Washington in brief
'Wait ’til next year’ on tax-exempt bonding bill
A bill to provide tribes with a broader authority to issue tax-exempt bonds, already sponsored by Sen. Gordon Smith, R-Ore., will be shelved until prospects look more favorable in the House of Representatives, said Tom Rodgers of Carlyle Consulting.
The authority to issue tax-exempt bonds for an array of purposes is enjoyed by state and local governments. Tribal governments have long sought the same authority. As tax law now stands, they can issue tax-exempt bonds only in support of “essential government functions” as defined by the Internal Revenue Service in ambiguous language.
The definition raises doubts among investors as to whether their investment in a tribal bond qualifies with the IRS as tax-exempt financing. Such doubts are known in capital markets as “risk,” and risk translates to a higher interest rate on the money invested in the purchase of a tribal bond. Without the better interest rates associated with tax-exempt bonds, debt service becomes prohibitive, especially for poorer tribes.
The sum of all this is to create barriers for tribes that want to access capital markets by issuing bonds to build infrastructure, community centers, economic development projects, housing, schools and health facilities, according to witnesses before a subcommittee of the Senate Finance Committee May 23.
Rodgers said support for a change in law to “level the playing field” for tribes has solid support in the Senate. But a bill passed in the Senate to that effect would face more uncertain prospects in the House, he added. If it passed the House, it would almost certainly pass in a different version than the Senate’s, or as an attachment to a larger bill with other differences. In any “conference committee” called to reconcile the different bills, Rodgers added, a tax-exempt bonding provision would be taking its chances.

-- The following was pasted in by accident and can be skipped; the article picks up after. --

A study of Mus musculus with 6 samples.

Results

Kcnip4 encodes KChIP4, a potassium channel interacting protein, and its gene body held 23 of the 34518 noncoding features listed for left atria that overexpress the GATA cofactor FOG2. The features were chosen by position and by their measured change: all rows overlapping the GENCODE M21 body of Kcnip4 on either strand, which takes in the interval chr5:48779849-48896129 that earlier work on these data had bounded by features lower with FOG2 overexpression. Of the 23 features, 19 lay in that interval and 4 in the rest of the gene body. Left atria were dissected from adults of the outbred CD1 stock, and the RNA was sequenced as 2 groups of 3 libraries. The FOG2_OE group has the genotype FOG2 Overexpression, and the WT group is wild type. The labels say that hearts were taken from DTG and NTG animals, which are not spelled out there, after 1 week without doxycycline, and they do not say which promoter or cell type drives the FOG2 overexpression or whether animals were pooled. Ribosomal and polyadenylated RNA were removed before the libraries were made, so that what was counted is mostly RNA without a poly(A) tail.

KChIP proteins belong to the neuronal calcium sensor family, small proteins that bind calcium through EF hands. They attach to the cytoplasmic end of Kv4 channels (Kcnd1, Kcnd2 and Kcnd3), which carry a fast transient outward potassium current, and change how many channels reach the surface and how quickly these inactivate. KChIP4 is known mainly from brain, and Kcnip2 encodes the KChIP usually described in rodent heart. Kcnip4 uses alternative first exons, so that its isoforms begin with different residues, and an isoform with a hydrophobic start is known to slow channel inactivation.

“Conferences with the House on Native issues have not been productive.”
He said efforts to secure a broader tax-exempt bond issuing authority for tribes will proceed when the legislative lay of the landscape in the House changes for the better.
</b>CDFI award to spur development prospects</b>
DENVER – The Treasury Department announced on Aug. 24 that its Community Development Financial Institutions Fund will award $4.3 million through the Native American CDFI Assistance program.
Among the grant recipients is Native American Bancorporation, the holding company of Native American Bank, headquartered in Denver. NAB serves Native communities and is owned by 26 tribes, Alaska Native Corporations and tribal organizations.
The Native American CDFI Assistance program encourages the creation, and strengthens the sustainability, of community-based lending organizations – CDFIs – that serve primarily American Indians, Alaska Natives and Native Hawaiians. More information can be found at www.cdfifund.gov.